Presidential Candidate John Kerry has received increasingly more donations from employees of companies that have historically made large donations to President George W. Bush‘s campaign.

In fact, Bush and Kerry now share four of the same 10 largest donors this election cycle, all of whom are financial corporations, according to a study by the Center for Public Integrity.

Kerry Cycle Patrons Bush Cycle Patrons
Harvard University$213,045.00 Pricewaterhouse Coopers$488,600.00
Citigroup$169,254.00 Morgan Stanley Dean Witter & Co.$486,125.00
Skadden, Arps, Slate, Meagher & Flom$169,225.00 Merrill Lynch & Co. Inc.$455,904.00
Time Warner$158,506.00 UBS AG Inc$368,900.00
Robins, Kaplan, Miller & Ciresi$150,250.00 Goldman Sachs Group$295,950.00
UBS AG Inc$138,700.00 Credit Suisse First Boston$271,650.00
Goldman Sachs Group$127,750.00 Ernst & Young LLP$267,105.00
Verner, Liipfert, Bernhard, McPherson & Hand/Piper Rudnick$124,152.00 Lehman Brothers Holdings Inc.$263,200.00
Mintz, Levin, Cohn, Ferris, Glovsky and Popeo$102,051.00 MBNA Corp.$251,000.00
Morgan Stanley Dean Witter & Co.$100,204.00 Citigroup$246,645.00

Until this cycle, most of Kerry’s top contributors had come from the telecommunications industry and law firms. Most of Bush’s largest donors remain consistent: financial corporations with executives who have pledged to raise money for the president’s reelection.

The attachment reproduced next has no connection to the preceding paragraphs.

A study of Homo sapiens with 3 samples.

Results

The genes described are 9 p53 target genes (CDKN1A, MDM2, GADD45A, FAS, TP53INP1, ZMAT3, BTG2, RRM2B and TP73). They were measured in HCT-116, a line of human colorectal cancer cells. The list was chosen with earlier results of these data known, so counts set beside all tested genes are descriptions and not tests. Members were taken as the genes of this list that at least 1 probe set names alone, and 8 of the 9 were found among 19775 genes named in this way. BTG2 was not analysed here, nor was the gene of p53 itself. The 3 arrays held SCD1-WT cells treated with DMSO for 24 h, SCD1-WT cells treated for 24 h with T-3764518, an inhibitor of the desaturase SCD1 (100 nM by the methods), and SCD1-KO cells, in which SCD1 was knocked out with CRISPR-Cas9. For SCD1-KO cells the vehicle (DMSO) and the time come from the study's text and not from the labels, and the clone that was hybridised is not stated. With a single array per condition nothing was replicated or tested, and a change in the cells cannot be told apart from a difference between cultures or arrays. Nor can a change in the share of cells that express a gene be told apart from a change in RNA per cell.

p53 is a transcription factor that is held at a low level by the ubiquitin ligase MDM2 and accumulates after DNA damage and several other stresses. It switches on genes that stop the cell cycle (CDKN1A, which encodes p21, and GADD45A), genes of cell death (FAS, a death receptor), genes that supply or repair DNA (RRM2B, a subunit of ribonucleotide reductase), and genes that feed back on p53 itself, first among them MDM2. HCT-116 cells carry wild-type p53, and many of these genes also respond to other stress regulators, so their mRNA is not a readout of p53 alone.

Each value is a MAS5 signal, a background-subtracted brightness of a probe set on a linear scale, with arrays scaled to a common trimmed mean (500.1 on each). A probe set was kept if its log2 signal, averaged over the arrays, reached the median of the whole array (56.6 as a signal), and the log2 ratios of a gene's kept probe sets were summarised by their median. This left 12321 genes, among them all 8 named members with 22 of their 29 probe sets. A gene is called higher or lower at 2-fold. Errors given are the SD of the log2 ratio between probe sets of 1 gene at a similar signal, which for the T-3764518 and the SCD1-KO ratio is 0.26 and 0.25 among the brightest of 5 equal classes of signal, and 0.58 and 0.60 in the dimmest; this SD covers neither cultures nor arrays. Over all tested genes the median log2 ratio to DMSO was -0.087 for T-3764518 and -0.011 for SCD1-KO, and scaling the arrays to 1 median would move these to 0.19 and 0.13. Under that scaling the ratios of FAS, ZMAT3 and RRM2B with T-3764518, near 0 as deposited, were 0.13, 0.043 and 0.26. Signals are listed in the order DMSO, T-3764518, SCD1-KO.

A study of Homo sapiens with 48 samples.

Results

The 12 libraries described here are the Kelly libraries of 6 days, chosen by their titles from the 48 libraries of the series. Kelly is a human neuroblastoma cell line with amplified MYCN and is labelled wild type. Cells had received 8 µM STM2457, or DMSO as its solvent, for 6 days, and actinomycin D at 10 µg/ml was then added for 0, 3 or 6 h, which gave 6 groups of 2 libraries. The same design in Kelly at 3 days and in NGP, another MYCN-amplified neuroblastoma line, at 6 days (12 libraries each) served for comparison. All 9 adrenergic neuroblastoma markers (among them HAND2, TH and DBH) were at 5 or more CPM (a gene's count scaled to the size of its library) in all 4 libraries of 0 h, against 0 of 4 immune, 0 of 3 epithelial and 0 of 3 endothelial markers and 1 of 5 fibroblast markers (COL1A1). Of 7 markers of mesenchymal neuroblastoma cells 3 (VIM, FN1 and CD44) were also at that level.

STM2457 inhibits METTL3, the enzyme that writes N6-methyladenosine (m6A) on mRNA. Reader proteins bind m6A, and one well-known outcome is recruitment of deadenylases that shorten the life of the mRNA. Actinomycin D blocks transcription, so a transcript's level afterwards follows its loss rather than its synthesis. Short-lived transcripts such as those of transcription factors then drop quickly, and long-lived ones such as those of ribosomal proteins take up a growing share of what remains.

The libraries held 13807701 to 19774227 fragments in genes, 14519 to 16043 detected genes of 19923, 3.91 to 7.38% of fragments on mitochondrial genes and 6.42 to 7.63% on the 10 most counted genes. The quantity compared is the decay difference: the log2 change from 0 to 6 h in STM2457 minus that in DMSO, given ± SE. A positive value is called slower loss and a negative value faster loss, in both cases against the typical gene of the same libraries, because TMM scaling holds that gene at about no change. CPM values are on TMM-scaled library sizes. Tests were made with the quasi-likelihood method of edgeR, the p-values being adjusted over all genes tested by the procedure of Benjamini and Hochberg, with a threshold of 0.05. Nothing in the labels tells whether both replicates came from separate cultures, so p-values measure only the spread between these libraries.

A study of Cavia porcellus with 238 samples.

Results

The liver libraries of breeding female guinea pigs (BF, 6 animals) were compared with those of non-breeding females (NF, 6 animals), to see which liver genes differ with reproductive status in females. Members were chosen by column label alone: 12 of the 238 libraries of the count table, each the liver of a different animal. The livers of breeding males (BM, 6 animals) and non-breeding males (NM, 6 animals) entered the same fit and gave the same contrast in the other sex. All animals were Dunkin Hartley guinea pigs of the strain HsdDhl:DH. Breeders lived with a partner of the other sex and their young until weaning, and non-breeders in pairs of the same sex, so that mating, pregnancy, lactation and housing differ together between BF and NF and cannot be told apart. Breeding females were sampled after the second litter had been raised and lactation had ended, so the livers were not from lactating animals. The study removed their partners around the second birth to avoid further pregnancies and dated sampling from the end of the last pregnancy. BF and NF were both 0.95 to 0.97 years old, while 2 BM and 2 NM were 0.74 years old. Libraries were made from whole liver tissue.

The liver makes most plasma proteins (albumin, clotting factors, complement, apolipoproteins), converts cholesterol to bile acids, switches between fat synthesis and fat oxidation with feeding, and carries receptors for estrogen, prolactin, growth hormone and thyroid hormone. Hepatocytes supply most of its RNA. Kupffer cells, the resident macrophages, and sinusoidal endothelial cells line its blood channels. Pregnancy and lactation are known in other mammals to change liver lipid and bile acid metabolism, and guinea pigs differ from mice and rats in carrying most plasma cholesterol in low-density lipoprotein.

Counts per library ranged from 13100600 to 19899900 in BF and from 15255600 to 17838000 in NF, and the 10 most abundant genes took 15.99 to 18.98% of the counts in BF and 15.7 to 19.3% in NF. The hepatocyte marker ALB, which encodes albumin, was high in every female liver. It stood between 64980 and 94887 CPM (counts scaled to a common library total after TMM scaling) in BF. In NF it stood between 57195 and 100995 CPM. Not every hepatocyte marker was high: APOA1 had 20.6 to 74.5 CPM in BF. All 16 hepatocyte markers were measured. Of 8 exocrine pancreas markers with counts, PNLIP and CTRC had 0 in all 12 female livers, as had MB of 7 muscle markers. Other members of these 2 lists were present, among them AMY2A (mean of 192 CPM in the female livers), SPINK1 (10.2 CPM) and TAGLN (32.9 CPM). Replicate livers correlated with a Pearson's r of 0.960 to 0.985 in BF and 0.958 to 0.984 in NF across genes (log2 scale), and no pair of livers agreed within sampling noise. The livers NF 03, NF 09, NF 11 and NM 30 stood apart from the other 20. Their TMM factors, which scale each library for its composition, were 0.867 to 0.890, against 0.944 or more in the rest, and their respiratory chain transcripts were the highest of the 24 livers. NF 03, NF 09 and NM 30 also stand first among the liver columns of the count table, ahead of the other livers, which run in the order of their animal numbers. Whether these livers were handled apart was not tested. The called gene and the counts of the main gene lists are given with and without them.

Like Bush, who pioneered the use of bundling fundraisers, Kerry lists more than 500 independent fundraisers of his own — 10 of whom are associated with Citigroup, UBS Financial Services, Goldman Sachs and Morgan Stanley. Bush currently lists almost 600 fundraisers, whom the campaign designates as Rangers, Pioneers or Mavericks based on the amounts they have raised. Rangers have raised $200,000.00 or more, Pioneers $100,000 and Mavericks, $50,000.

Bush’s top career patrons are Morgan Stanley Dean Witter & Co., Merrill Lynch & Co. Inc and Pricewaterhouse Coopers. Kerry’s largest career donors are Harvard University, Time Warner and Mintz, Levin, Cohn, Ferris, Glovsky and Popeo.

Millionaires to spare personal assets

Based on a new Center analysis of financial disclosure forms, the two presidential candidates are millionaires, though none can use more than $50,000 of his own money unless he opts out of federal matching funds. Kerry and his wife Teresa Heinz Kerry have a disclosed worth of as much as $747 million, but the most that Senator Kerry can lay claim to as his own is $14.8 million of those assets. The bulk of the fortune belongs to Heinz Kerry, though the two do hold some assets jointly.

The next most prosperous household belongs to Richard and Lynn Cheney, whose personal assets together amount to as much as $111.2 million. John Edwards discloses the upper-end of his family’s wealth at $44.6 million, and President Bush rounds out the field reporting as much as $18.9 million in assets.

Even third Party Candidate Ralph Nader has as much as $4.9 million in assets; he earned more than half a million dollars last year through speeches and other activities.

All of the candidates reported incomes of at least $400,000.

A database of each candidate’s income and assets can be found in the Buying of the President Document Warehouse.